Many companies tried to dominate the business of Web searching back during the Internet bubble, but only the trio of Google ( GOOG), Microsoft ( MSFT) and Yahoo! ( YHOO) emerged as the true 800-pound gorillas in the space.

Unfortunately, that's a lot of gorillas, even in a space as vast as the Internet.

Mitchell Rubin, portfolio manager of the $141 million ( BIOPX) Baron iOpportunity fund, says the shift in advertising dollars from traditional to online media will keep all three giants well fed for the time being. But he says Microsoft may have trouble keeping pace in the long run and could be better off simply sticking with software. Rubin's fund, which specializes in Internet-related stocks, is up 2.64% year to date, and has returned 5.3% annually over the past five years.

TheStreet.com recently chatted with Rubin to find out more about his Internet strategy and ask him about that long-awaited fourth-quarter tech rally.

What is your stock-picking strategy?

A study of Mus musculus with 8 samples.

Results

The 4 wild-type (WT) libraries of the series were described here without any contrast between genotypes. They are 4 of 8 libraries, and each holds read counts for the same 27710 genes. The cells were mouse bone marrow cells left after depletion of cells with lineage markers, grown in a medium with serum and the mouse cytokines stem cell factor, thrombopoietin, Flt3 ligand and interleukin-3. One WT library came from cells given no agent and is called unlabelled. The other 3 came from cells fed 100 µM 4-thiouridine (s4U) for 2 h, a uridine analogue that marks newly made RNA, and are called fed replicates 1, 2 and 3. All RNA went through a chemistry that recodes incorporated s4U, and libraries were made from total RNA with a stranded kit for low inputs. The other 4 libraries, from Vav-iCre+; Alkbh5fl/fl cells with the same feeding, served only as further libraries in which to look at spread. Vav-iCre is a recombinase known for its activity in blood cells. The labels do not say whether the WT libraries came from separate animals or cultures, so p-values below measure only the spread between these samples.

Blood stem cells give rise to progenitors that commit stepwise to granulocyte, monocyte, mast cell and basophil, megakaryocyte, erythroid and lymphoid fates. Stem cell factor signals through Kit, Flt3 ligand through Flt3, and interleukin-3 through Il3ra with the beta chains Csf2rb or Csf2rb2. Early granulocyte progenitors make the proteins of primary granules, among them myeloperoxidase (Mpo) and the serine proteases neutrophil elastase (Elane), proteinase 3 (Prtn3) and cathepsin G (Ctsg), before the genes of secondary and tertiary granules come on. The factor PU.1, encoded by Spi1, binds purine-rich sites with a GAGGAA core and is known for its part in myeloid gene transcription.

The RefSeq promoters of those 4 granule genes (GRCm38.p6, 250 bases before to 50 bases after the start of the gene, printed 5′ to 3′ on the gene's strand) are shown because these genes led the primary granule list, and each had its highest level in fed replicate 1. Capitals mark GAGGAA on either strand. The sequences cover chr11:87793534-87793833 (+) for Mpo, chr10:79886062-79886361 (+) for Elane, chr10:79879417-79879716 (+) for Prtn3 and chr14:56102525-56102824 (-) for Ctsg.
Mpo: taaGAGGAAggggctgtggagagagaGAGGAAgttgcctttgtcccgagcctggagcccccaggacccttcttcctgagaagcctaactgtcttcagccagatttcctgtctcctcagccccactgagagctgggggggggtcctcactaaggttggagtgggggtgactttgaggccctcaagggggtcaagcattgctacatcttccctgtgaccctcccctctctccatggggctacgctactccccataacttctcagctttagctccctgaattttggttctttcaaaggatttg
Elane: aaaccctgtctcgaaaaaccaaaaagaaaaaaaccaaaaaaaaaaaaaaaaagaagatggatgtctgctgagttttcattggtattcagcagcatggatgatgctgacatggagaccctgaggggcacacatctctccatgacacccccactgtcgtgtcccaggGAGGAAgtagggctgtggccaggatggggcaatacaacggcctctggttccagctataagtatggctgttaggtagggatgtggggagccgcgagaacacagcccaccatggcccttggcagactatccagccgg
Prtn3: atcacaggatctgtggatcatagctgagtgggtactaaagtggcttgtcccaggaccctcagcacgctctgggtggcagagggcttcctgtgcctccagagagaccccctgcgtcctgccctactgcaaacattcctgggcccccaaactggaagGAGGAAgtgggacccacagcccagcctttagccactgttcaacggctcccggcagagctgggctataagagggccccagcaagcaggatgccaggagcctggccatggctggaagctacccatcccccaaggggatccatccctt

We look for companies with open-ended opportunities created by the Internet or information technology. The fund is diversified in that we own companies in a lot of different industries, but the basic underlying theme is that the future profits of the firm will be driven by the adoption of the Internet or information technology. With that as a screen for the universe, we look for great companies with a competitive long-term advantage and strong management.

We also seek companies with long-term earnings power that the market may not currently be recognizing. In the end, our goal is to find stocks that can double in the next three to five years.

It's getting close to Thanksgiving. Where is that fourth-quarter technology rally we kept hearing about earlier this year?

We don't give the seasonality of the sector much thought. We worry about owning companies that we are going to make doubles and triples on over the next three to five years. So if they rally at Christmas or slump in the summer, we don't worry too much about that.